Food pantry truck visits SS. Peter & Paul
By Kevin Milliken for La Prensa
July 18, 2012: A team of social service agencies known as the CARE Team spent an afternoon at SS. Peter & Paul Church distributing food to more than 100 families and linking them to local resources to help them get through difficult economic times.
Deb Ortiz-Flores, director of Lucas County Job and Family Services (JFS), explained that a mobile food pantry is a good way to draw families in poverty, who can then choose the groceries they need to survive. But it also gives a chance for social service workers to directly connect with those families in crisis to offer public assistance and other help.
“The mobile food pantry is a great way to get people to the CARE team,” she said. “But it’s the wraparound services and referrals with the community providers that is really the hook to connect the family to many needed services. It’s not just ‘Here’s a bag of food. Good luck.’”
Such “wraparound” services meet other needs, such as free blood pressure screenings, flu shots and other preventative health services, as well as books for kids and resources for family pets—items that may be forgotten or unaffordable in troubled economic times.
“Something’s going on that the family is feeling ‘food insecure,’” said Ms. Ortiz-Flores. “They’re in crisis related to other things—and that’s why United Way 211 is there, and we’re there, for applications to food stamps, Medicaid, or other government assistance or community partner assistance.”
More than 2,000 families in Lucas County have benefited from the CARE Team and its mobile food bank since its inception three years ago. The service is a partnership of LCJFS with various sponsors including: United Way, Food for Thought, Read for Literacy, Area Office on Aging, the Neighborhood Health Association, Unison, Adelante Inc., ABLE, YWCA, LMHA, and other organizations.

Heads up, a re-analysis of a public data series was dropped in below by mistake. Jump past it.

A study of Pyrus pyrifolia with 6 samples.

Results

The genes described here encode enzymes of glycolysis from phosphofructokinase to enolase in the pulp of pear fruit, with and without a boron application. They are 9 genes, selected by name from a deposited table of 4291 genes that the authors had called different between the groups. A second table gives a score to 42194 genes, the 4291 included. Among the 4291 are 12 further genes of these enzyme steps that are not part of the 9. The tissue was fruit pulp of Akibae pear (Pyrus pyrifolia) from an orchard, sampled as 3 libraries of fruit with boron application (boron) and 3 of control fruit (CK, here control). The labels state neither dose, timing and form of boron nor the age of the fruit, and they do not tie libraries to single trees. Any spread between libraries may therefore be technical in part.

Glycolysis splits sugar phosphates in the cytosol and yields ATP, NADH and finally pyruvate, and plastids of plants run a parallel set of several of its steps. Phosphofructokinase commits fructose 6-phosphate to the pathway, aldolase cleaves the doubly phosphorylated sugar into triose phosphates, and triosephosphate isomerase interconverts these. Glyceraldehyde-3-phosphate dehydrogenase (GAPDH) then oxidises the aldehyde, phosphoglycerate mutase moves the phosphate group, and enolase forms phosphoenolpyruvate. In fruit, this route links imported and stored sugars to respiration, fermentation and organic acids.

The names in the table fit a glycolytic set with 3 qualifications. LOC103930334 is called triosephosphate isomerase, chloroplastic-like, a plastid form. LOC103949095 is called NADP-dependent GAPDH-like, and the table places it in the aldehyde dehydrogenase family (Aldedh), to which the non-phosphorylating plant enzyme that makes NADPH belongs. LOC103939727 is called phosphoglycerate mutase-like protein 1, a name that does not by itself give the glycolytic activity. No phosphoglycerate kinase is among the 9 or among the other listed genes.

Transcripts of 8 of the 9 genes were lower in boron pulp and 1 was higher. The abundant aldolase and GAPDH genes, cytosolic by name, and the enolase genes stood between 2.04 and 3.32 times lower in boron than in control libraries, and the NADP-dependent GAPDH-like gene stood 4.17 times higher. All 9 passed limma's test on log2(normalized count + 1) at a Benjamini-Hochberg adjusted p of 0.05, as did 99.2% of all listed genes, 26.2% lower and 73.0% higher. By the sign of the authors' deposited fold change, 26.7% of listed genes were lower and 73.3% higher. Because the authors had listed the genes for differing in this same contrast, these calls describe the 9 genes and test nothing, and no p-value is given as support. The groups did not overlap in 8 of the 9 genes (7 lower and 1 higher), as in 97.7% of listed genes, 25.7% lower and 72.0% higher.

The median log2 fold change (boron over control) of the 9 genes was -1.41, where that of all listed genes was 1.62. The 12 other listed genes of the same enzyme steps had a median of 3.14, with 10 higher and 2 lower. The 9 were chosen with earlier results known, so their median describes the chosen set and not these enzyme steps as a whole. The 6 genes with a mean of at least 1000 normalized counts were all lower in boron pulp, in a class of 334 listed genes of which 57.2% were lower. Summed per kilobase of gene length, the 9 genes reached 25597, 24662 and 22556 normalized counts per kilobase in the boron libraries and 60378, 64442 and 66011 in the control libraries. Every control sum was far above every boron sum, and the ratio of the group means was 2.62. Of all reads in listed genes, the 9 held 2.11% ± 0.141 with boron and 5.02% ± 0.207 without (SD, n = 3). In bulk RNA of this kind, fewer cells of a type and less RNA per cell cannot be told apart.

“It gives them some self-respect, some dignity to be able to go in and make some selections on their own,” said Ms. Ortiz-Flores.
The effort served more than 100 families, a realistic reflection of the poverty facing families in the Old South End.
”We know the 43609 zip code has a large number of people in poverty,” explained the county JFS director. “We know that the 43605 and 43609 are our top zip codes for people on public assistance. We know there is lots of unemployment and other social issues going on in those communities.”
“As more and more families are struggling to put food on the table, CARE Team delivers resources directly to neighborhoods in need,” echoed Lucas County Commissioner Tina Skeldon Wozniak. “We hope to make things just a little easier during these difficult economic times.”
The effort also tries to be culturally competent and provide neighborhood-specific services. During Wednesday’s stop, Advocates for Basic Legal Equality (ABLE), Adelante, Inc. and Unison Behavioral joined the effort. Melissa Alvarado represented the United Way and Fabiola Martínez of the Neighborhood Health Association was in attendance in case bilingual services were needed. So was Betty Hernández Rios of LCJFS.
Many of the agencies involved will follow up with Latino families to ensure they are properly enrolled in social services and continue to receive long-term assistance.